How to Figure Out Income Tax
Figuring out the tax you owe based on your income can be determined by taking your taxable income and multiplying it with the tax bracket percentage your income falls under. The percentages range from 10 percent to 35 percent, depending on how much money you make per year. The U.S. federal government and 41 of the 50 states of the U.S. collect income tax. If you don't live in one of the nine states that does not collect income tax, you will need to figure out your income tax for the federal government and your state of residence.
Your total taxable income is not just your gross wages — the money you earn before taxes and other fees are taken out of your paycheck. Your total taxable income also includes cash payments, money earned as an independent contractor, capital gains, child support payments and alimony, among other qualifying income. Take note that certain withdrawals or distributions from a pension fund or a retirement fund, like a 401(k) or 403(b) plan, can count as taxable income if the contributions to the plan were not taxed at the time they were made. Withdrawals of these, therefore, must be included in your total taxable income for the year the distribution was taken. However, qualified distributions from designated Roth accounts that had tax taken out when the contributions were made will not be subject to income tax as the tax was already collected. You can designate part or all of your elected deferrals as after-tax contributions. Also keep in mind that various foreign income, money earned outside the U.S., is also taxable and must be counted as part of your total taxable income -- unless it is qualified military combat pay or you qualify for the foreign earned income exclusion, for example. The IRS provides a list of all types of income in its Publication 525.
You can reduce the amount of your total taxable income by taking deductions. Everyone is entitled to a standard deduction or itemized deductions. The standard deduction varies year-to-year and is based on your filing status. You can claim as many itemized deductions that apply to you, including things like business expense deductions, deductions for medical fees, student loan interest and applicable mortgage interest. Choose whichever deduction total, standard or itemized, is higher to make your taxable income lower.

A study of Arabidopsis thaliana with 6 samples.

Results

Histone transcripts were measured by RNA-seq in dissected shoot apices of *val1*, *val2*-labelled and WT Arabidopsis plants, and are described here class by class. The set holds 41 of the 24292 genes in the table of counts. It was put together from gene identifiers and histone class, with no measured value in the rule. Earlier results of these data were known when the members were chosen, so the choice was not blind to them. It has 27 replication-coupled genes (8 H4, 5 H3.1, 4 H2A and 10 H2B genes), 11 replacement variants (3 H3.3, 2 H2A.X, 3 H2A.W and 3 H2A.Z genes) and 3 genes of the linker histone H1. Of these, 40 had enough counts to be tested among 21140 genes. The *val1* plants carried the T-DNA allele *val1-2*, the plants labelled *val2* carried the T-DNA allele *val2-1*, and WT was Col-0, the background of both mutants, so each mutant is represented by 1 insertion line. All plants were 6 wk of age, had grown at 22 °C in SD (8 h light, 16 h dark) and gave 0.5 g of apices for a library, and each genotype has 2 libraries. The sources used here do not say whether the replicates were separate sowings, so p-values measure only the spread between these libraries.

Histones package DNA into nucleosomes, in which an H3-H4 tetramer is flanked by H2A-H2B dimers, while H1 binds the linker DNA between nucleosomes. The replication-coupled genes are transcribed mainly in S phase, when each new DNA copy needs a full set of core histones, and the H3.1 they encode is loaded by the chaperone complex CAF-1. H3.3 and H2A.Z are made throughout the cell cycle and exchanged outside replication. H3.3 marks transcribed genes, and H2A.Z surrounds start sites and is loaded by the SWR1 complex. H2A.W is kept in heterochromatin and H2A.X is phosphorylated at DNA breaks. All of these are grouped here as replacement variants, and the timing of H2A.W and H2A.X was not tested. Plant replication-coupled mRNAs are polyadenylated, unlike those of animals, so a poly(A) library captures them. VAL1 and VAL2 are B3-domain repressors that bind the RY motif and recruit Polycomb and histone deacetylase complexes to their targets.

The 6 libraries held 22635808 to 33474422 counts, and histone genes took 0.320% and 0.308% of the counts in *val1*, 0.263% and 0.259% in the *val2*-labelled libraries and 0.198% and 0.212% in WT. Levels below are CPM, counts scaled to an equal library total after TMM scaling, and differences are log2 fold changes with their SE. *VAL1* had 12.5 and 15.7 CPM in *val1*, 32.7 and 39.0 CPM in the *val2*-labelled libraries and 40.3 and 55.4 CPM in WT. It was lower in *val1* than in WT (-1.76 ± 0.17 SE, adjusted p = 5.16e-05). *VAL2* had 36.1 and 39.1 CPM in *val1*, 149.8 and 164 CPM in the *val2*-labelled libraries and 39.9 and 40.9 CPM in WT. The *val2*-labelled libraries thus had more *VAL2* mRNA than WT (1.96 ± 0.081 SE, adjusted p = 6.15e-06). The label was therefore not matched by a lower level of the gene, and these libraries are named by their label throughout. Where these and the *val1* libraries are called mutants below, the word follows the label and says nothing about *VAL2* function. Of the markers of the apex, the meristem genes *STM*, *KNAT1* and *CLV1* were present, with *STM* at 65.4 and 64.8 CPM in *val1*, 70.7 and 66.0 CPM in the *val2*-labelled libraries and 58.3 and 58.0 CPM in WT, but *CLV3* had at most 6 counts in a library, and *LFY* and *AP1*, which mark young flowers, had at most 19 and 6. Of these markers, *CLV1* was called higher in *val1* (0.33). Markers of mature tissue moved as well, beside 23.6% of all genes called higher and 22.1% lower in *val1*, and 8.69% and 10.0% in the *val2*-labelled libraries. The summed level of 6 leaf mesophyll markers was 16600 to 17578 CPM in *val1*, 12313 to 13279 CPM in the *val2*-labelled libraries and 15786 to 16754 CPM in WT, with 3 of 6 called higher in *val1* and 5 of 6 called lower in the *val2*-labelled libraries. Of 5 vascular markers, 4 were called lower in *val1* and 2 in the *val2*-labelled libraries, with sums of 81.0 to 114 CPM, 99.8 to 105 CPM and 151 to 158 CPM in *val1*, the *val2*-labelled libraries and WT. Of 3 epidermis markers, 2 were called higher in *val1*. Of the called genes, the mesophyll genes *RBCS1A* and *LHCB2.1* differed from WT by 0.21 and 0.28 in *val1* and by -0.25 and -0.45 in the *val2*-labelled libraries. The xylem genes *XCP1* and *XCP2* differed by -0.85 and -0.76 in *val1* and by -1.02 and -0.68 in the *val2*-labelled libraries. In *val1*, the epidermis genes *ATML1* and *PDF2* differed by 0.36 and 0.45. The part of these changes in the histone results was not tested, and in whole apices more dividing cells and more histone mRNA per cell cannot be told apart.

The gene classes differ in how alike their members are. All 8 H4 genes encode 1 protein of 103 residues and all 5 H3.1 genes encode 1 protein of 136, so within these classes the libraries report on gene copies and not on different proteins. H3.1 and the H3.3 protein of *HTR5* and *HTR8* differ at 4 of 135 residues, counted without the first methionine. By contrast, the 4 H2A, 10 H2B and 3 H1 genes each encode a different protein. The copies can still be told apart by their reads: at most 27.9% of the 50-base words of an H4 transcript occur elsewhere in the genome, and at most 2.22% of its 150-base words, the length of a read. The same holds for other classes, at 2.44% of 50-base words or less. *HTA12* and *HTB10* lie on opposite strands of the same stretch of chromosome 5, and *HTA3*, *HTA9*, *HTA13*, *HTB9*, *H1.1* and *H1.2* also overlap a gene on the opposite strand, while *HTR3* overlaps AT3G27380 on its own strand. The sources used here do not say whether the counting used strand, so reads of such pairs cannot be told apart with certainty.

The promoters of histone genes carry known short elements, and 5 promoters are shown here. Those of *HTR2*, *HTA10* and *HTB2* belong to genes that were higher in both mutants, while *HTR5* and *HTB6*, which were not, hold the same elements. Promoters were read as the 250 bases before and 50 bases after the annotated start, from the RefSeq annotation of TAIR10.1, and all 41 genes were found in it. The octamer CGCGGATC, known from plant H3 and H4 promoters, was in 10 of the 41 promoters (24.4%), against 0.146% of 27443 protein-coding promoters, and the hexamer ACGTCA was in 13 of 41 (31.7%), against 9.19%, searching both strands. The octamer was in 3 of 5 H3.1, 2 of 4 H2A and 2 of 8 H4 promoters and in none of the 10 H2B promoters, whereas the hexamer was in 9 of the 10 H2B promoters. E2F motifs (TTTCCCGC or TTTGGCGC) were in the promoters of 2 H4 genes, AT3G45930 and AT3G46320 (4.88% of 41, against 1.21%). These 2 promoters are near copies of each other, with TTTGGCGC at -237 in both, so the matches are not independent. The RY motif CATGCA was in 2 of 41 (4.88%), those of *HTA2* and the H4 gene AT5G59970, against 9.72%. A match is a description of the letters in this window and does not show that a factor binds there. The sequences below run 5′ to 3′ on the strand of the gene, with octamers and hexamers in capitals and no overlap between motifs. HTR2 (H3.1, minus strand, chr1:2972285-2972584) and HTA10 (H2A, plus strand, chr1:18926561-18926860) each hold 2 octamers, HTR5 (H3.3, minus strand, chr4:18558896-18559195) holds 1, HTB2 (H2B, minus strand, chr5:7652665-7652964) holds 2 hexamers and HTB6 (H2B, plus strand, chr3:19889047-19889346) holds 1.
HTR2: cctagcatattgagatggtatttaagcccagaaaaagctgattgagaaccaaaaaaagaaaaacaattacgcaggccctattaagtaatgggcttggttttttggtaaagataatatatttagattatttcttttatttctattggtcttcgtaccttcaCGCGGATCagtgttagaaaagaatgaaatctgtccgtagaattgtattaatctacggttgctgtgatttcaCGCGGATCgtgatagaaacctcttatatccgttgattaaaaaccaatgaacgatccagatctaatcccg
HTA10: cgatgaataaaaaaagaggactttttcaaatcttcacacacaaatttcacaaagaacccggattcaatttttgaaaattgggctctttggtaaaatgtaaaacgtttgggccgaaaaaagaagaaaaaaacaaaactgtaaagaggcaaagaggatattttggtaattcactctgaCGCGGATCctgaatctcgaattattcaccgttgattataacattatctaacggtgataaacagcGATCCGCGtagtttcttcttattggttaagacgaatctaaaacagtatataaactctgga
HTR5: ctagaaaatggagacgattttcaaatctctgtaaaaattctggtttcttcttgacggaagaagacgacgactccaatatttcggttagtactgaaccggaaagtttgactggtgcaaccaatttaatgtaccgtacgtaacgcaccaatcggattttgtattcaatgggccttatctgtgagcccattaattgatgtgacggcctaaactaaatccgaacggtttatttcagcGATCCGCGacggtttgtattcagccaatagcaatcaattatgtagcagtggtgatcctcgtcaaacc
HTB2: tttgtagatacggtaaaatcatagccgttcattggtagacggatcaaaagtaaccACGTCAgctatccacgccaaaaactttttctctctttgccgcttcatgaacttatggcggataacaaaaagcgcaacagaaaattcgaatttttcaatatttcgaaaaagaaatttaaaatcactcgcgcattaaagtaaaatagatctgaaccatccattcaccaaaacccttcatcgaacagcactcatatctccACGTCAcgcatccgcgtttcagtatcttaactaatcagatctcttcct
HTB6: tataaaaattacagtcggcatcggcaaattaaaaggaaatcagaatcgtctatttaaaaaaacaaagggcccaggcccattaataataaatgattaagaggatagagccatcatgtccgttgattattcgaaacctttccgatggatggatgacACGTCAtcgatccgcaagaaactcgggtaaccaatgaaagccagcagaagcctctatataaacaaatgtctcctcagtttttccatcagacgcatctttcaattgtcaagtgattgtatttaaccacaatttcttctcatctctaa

To figure out how much of your income is subject to income tax, you take your total taxable income and subtract the total of your deductions. The difference is what your taxable income is and determines where you fall in the federal and state tax brackets -- if applicable. For example, if you have a total income of $25,000 and your deductions add up to $5,000, you would have $20,000 in taxable income.
Where you fall within the tax brackets for the federal government and state, if you live in a state that collects individual income tax, can change annually. Also note that each of the states that collect income tax have their own income tax brackets, which may be different from the federal government's and other states. Check with the IRS and your state department of finance, if applicable, for the current tax filing year’s tax brackets. Note that if you live in Alaska, Florida, Nevada, New Hampshire, South Dakota, Tennessee, Texas, Washington and Wyoming, you do not need to pay income tax to the state as of 2012.
Your income tax is the amount of your taxable income multiplied by your tax bracket. What you owe the federal government and your state, if you live in one of the 41 states that collects income tax, can be different. You must calculate your income tax for each using each taxing body's individual tax bracket. Taking the earlier example of a taxable income of $20,000 and saying you fall in the 15 percent tax bracket for the federal government, your income tax is $20,000 multiplied by 0.15 or $3,000. That is your income tax for the federal government. Again using the $20,000 taxable income and saying you fall in the 10 percent tax bracket of your state, your income tax is $20,000 multiplied by 0.10 or $2,000 in state income tax.
- Forbes: 2012 Federal Income Tax Brackets (IRS Tax Rates)
- Internal Revenue Service: Income from Abroad is Taxable
- Internal Revenue Service: Publication 525 (2011), Taxable and Nontaxable Income
- Tax Guide for Investors: Income Tax 101
- Bloomberg: States Lacking Income Tax Get No Boost in Growth: BGOV Barometer
Jorina Fontelera has been writing about business since 2003, covering the printing and manufacturing sectors, as well as the global accounting and financial industries. She has contributed to "USA Today," "Milwaukee Business Journal" and several trade publications, also writing about parenting, animals, food and entertainment. Fontelera holds a Bachelor of Arts in English from Marquette University.